Fiction Friday: The Antiques Dealer

21 Oct

Today’s challenge was to use the sentence “the townfolk heaved a collective sigh of relief when the antiques dealer packed up and moved away” somewhere in my story. Seeing as I was feeling singularly unimaginative, I decided to use it at the beginning! (If anyone’s interested, this was mostly written in the Durham University Debating Chamber, while waiting to hear David Milliband speak. The talk was free, but I did have to sit on the floor for two hours for the privilege!)


The townfolk heaved a collective sigh of relief when the antiques dealer packed up and moved away. It was a shame really, for had things turned out differently he could have been a valuable addition to the community. Grey-haired, and with a twinkle in his eye, he appeared at first glance to be a kindly sort, like the grandfather who hoists you onto his lap and tells you stories of his war days. Conversation with him inevitably revolved around the subject of antiques, but that was fine, because this was a rich town, and the inhabitants loved to boast of their treasures. There was no greater pleasure for them than to invite him back to their homes, to allow him to run his wrinkled hands over the fine grain of a mahogany cabinet, the pile of a Persian rug, or the glass of a Tiffany lampshade, and to be told how lucky they were to possess such treasures. He helped them acquire more too, and there were certainly no complaints on this front either. It was only when he invited them to see his treasures that the problems started.

It seemed that the whole county had turned out to his rented property, a small farmhouse on the outskirts of the town, practically hopping with excitement at the thought of what riches might lay inside. Their chequebooks lay inconspicuously in their pockets, and each and every one of them was entertaining the thought of cajoling him into offering them a good price after the inevitable brandy had been passed round. But once they had seen the interior of the house, all thoughts of making a purchase were quickly forgotten.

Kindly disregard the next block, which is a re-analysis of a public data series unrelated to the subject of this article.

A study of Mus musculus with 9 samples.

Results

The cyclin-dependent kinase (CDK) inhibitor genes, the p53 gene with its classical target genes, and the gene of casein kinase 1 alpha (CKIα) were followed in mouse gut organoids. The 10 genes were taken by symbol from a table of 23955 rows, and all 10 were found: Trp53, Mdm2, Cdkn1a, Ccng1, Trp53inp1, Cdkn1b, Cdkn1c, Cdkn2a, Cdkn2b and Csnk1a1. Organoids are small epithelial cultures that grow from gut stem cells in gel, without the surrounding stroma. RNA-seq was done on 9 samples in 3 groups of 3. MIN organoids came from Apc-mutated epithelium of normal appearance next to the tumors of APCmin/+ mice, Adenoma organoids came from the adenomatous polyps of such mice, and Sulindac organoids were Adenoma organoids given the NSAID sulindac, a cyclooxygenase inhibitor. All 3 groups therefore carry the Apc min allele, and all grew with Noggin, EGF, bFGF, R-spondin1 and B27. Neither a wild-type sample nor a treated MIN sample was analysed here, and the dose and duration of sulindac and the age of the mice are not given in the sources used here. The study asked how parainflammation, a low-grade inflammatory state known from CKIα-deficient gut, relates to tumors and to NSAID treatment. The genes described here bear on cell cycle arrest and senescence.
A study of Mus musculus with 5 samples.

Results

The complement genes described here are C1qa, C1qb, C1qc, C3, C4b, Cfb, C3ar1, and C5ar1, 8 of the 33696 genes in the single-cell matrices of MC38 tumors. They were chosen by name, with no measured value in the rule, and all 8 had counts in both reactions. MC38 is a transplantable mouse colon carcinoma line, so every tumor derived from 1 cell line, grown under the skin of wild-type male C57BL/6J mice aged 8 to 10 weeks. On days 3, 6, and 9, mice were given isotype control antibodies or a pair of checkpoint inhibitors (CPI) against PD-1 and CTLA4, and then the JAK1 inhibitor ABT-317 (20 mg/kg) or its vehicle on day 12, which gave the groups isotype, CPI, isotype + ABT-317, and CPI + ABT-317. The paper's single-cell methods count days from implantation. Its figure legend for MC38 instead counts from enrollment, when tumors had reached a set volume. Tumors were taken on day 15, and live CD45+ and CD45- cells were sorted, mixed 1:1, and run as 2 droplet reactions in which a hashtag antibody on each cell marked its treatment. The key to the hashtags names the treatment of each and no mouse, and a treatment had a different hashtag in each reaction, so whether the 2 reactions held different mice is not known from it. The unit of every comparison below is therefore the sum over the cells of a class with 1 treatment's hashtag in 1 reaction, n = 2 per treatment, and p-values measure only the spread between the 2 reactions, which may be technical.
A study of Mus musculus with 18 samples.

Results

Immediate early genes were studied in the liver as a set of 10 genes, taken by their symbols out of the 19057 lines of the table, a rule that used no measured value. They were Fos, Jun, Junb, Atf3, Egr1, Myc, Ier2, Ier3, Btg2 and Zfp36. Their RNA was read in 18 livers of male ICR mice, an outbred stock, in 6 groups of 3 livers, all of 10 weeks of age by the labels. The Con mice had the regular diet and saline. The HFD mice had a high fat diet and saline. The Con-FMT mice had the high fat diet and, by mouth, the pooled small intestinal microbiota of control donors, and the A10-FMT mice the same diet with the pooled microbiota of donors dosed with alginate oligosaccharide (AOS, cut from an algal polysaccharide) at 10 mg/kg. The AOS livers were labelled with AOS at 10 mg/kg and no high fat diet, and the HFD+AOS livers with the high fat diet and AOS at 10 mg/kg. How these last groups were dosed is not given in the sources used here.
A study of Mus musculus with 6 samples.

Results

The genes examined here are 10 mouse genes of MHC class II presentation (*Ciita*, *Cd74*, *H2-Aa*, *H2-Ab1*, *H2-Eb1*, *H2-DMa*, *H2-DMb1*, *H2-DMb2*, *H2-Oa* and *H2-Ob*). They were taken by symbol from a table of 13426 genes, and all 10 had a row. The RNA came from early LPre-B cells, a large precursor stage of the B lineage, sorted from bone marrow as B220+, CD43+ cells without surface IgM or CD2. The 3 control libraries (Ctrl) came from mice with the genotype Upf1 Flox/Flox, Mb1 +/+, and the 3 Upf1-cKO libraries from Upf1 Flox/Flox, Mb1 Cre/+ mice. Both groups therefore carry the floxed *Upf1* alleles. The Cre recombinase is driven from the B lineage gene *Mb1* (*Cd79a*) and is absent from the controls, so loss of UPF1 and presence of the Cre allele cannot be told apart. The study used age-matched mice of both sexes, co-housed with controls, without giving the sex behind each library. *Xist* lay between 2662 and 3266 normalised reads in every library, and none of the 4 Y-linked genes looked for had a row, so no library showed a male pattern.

For it turned out that he was not only an antiques dealer but also a collector of curiosities, most of which were items which had once been alive. ‘Once’, however, was an indicator of some time in the distant past, as they were now stuffed, pickled, or nailed to planks of wood, and displayed all over the antiques dealer’s living room. The townfolk were horrified by this, although of course they were far too polite to say, and a smile remained firmly on the antiques dealer’s face throughout the afternoon. It was only one lady, advancing in years and generally regarded as mad, who noticed the sinister glint which had replaced the sparkle in his eyes.

It was not long after that their pets began to disappear. Anything and everything that was not kept inside, and even some that were. No-one knew how he was doing it, but they knew that he was the culprit. And then, one day, not long after a rumour had been spread that the police were going to be involved, he was gone. Again, there was no indication that he was going to leave, no indication of where he had gone. He had just gone. And the townfolk heaved a sigh of relief, and prayed that he would never return.


  1. Aparna October 22, 2011 at 6:33 pm #

    I liked this. The animals disappearing was interesting turn.

  2. David A Ludwig October 23, 2011 at 10:25 pm #

    Ooo, creepy! Very creepy and lingeringly sinister. I like it! Nothing wrong with opening with the prompt in my opinion, especially when the prompt begs such explanation as to make a good hook.